Keratin hair treatments, known for making kinky locks straight, sleek, and frizz-free, are a pricey but very popular process in many beauty salons. Concerns have been raised, however, that the formulas may contain formaldehyde, a carcinogen. This issue is of particular interest not just to salon customers but also to hair stylists who have applied these treatments and complained of nosebleeds and eye irritation. The Good Housekeeping Research Institute (GHRI) decided to conduct its own analysis.
GHRI tested four salon brands-Brazilian Blowout, Marcia Teixeira, Keratin Complex by Coppola, and Global Keratin Light Wave-at an outside lab for the presence of formaldehyde. We found the toxic chemical in all four products, at levels exceeding the Cosmetic Ingredient Review's 0.2 percent recommended threshold.
A Heated Controversy
After Oregon Occupational Safety and Health Administration (OSHA) conducted a study in September 2010 and found formaldehyde in nine salon keratin treatments, one manufacturer claimed that its product is formaldehyde-free and that high levels of the chemical are attributable to the presence of methylene glycol, which forms when formaldehyde is combined with water. Concerned scientists counter that, regardless, when a keratin treatment is applied to hair and heated, any formaldehyde present may still be released into the air, where it could be inhaled or absorbed through the eyes.
The FDA is currently investigating keratin hair treatments and what may be done to protect stylists and clients. Several states, including Oregon, Connecticut, and Washington, have issued alerts about the potential risks of these treatments. Canada's health department has given a similar advisory.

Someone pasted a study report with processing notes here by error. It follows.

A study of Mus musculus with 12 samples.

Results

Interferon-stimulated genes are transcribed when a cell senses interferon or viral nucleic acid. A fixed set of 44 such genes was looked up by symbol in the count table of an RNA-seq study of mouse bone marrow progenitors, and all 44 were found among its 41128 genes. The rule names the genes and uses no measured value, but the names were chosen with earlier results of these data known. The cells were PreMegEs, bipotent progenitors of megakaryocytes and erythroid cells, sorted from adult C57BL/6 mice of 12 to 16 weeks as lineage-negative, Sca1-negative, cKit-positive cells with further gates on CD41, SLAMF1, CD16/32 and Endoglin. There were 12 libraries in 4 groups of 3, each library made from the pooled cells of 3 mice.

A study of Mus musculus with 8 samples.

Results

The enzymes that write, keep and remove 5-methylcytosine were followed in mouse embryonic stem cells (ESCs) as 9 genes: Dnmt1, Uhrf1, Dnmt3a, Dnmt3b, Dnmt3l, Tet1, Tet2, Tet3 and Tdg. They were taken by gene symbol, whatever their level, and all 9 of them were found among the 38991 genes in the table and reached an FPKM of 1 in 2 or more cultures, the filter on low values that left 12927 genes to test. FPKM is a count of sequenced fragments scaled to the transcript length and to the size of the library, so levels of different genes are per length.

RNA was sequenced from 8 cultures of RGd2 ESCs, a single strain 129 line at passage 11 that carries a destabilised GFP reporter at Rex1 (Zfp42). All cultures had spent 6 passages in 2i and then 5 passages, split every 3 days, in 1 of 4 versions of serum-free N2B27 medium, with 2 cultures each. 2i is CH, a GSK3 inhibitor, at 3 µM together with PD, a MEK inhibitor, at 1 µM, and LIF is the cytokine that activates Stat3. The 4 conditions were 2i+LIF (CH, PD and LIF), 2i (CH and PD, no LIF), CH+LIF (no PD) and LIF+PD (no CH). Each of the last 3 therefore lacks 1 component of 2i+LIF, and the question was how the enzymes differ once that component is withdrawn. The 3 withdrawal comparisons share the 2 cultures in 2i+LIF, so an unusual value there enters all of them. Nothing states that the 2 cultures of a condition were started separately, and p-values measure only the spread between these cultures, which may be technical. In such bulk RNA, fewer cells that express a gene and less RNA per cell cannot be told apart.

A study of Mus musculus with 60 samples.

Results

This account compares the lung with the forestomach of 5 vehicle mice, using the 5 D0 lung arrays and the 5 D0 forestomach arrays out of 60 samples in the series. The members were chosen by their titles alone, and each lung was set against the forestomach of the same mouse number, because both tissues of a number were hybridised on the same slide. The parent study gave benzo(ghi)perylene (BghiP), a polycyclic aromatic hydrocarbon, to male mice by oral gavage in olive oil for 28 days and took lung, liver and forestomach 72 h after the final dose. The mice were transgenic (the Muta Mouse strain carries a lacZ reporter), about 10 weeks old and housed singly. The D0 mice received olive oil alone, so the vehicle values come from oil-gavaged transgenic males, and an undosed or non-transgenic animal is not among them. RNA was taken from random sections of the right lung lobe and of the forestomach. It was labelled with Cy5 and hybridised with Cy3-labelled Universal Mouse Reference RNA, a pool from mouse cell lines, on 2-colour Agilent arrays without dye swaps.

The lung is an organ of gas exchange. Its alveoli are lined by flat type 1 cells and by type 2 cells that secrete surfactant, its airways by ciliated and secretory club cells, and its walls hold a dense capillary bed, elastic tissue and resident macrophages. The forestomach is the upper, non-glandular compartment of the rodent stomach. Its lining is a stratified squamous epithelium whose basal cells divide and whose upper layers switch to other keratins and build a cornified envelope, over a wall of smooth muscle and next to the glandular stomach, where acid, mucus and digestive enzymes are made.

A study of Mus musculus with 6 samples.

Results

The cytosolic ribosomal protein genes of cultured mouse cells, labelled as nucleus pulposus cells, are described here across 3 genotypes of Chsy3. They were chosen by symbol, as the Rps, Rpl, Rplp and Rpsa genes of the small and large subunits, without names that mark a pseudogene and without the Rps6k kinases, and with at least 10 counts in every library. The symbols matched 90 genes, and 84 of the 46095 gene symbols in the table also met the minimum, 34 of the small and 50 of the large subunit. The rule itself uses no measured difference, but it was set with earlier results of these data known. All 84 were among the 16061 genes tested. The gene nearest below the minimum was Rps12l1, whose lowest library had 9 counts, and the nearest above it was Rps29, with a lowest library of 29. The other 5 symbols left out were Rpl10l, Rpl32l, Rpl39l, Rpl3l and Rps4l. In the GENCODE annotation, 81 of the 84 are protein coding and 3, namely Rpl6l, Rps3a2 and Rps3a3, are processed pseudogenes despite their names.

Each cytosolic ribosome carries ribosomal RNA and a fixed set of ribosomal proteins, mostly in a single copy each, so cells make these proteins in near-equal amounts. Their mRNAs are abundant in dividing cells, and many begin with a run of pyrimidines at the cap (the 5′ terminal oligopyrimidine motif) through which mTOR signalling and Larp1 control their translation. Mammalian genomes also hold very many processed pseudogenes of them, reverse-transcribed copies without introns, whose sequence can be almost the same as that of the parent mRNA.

When we heard about an at-home version of the $300-plus process that promised the same results for half the price and claimed to be formaldehyde free, we had to investigate.
We sent samples of Salon Favorite Do-It-Yourself Keratin Treatment Kit to an outside lab for analysis. Test results confirm that, as claimed, it does not contain formaldehyde. Instead, it uses a chemical called glutaraldehyde as its active ingredient to bond keratin to the hair. Glutaraldehyde is in the same chemical family as formaldehyde, but it is not considered a carcinogen nor is it included on restricted-chemical lists such as those published by the International Agency for Research on Cancer (IARC) and California's Proposition 65. However, exposure to glutaraldehyde still could affect eyes, skin, and lungs. The instruction manual for Salon Favorite warns consumers to avoid inhalation, ingestion, and contact with skin and eyes; to wear protective gloves (included in the kit) while applying; and to use it in a well-ventilated area. This warning, coupled with our concerns over the application method (like salon versions, the at-home treatment calls for heating the hair with a flat iron, which could release irritating fumes), led us to decide it was too risky to test the product's straightening prowess on volunteer testers or hair swatches in our labs.Related: Best At-Home Hair Color
To be safe, avoid keratin treatments. An alternative if you seek sleek hair: Use a flat iron, like the Remington Style Therapy Frizz Therapy ($50), which did well on GHRI tests.
Have you ever tried keratin hair treatments?